We have been busy around here. Busy with outdoor farm things, and very little time for indoor computer things.
All is well. The two hens are staying put on their eggs (only one week left until hatch!) and ALL the eggs we purchased are fertile (yippee!). Daphne has fully recovered from her anaphylactic reaction. The first half of the hay is all put away up in the lofts. And the last of the garden has been planted (except for a few succession plantings of spinach and lettuce). Some of the garden died from the hail, but most of it is doing it’s best to come back.
The big news this week is fencing. Fencing, fencing, and more fencing. We worked like crazy at fencing the last few days. And let me tell you, fencing in the Rocky Mountains is a pain. If you are doing anything that requires post holes you can just kiss your dream of a straight fence goodbye. They aren’t called the Rockies for nothing. But we did our best and only had a few spots where we were forced to go offline with the post due to hitting rock.
First, we fixed up some decorative fencing that is at the entrance to our property. It is probably 20 years old and rotting and falling down all over the place. It looked awful. We took down about 150 feet of it that we considered “unnecessary” and used what little of that was still good to patch about 50 feet of the fence that we chose to keep.
After the decorative fencing we went to work on the barnyard. When we first moved here the barnyard consisted of 12, 12-foot livestock panels with wire attached. Last fall, we put in 60 feet of permanent fencing on the barnyard, with the rest still being panels. The permanent fencing is a 5-foot high, two-rail wood fence with welded wire attached, and with chicken wire attached on the bottom two feet and buried out a foot from the fence line. This is the best we can do to protect the livestock from predators. The permanent fence definitely keeps coyotes and foxes out, since they are diggers not jumpers.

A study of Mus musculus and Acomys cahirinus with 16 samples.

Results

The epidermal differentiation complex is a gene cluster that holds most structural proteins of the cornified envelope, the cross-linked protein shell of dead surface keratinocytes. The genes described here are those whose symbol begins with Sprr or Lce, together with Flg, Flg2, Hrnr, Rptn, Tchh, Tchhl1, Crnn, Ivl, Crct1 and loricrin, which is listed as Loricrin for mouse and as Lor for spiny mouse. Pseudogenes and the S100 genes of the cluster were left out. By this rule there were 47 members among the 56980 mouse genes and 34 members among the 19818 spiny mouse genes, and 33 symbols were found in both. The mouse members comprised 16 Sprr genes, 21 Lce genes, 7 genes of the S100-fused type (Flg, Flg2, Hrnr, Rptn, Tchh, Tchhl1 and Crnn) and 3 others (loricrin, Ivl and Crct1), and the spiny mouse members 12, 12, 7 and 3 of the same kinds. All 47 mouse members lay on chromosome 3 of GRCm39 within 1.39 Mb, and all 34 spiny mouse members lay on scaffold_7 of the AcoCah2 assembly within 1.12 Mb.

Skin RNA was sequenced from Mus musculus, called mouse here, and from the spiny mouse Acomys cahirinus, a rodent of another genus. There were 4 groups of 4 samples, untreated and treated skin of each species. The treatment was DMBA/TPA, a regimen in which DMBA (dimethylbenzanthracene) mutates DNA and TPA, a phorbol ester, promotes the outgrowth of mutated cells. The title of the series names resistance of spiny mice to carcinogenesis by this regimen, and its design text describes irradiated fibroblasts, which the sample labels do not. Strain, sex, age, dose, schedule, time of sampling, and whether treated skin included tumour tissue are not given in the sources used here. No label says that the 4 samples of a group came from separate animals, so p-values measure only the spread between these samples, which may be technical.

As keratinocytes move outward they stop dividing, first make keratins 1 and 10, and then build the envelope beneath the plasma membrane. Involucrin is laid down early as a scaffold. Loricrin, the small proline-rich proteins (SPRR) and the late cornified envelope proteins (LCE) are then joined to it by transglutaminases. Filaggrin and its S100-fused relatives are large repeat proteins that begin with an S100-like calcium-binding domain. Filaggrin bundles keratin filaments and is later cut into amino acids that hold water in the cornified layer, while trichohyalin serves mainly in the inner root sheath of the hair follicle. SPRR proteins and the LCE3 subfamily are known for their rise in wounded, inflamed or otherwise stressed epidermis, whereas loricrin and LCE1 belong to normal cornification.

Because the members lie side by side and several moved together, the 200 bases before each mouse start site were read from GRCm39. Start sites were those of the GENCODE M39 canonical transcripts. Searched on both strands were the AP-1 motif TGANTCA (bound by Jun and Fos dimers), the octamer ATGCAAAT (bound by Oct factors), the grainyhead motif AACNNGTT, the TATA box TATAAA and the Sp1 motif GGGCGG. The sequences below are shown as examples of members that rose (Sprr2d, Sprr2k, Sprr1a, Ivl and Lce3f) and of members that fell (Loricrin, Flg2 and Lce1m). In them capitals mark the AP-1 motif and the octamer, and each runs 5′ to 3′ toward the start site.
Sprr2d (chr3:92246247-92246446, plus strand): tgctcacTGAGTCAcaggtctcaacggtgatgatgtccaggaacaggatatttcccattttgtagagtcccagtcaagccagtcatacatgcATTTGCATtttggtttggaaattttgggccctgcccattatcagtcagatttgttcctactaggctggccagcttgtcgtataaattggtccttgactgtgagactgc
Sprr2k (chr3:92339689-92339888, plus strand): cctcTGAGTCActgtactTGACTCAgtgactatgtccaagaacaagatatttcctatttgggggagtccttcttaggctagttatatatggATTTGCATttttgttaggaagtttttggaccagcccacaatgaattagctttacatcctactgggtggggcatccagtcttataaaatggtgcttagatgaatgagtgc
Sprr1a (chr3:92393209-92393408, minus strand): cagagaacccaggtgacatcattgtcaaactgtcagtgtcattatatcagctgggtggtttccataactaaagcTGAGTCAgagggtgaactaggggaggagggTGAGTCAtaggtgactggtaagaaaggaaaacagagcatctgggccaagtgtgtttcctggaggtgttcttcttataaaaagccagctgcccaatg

So this last few days we put up another 80 feet of the permanent fence. This leaves only 6 panels on the one side of the barnyard. The rest is permanent fencing!
Here are the before/after photos. Sorry, they were clearly taken at different times of day, so the before is kind of hard to see, but the location they were taken from is almost exactly the same.
The really cool thing is that this addition increased the barnyard size by about a third. And in doing so, it put a bunch of grass inside of the barnyard.
Our sheep have never grazed before. They have only been fed hay. We enjoyed watching them try to figure out the whole grazing thing. Daphne was definitely the most ambitious and adventurous about grazing. As we worked we would make a loud noise or something and the other three would run away, but Daphne just kept working on the grass. At first, they just mouthed it and couldn’t figure out how to get it to detach from the ground (the hay is loose and doesn’t “hold on” to the ground when they eat it). They slowly got the hang of biting it off, or breaking it off so they could eat it. The chickens were loving it too. They were scratching and foraging like crazy – finding all sorts of bugs and eating greens too. By this evening (Monday), after a few days of access, the sheep are really getting down to eating it successfully. Soon it will be all back to just a dry lot, but for now they all have fun things to nibble on.
We would like to be able to have the sheep forage on other parts of our property, to keep the foliage trimmed a bit and to decrease how much hay we have to feed them, even by just a little. We are hopeful that this will help them understand foraging, so that when we take them on halters to other spots to graze for a little while they will get to it. We have tried before but they were so not even looking at the grass as food that they just stood around wondering why we led them there.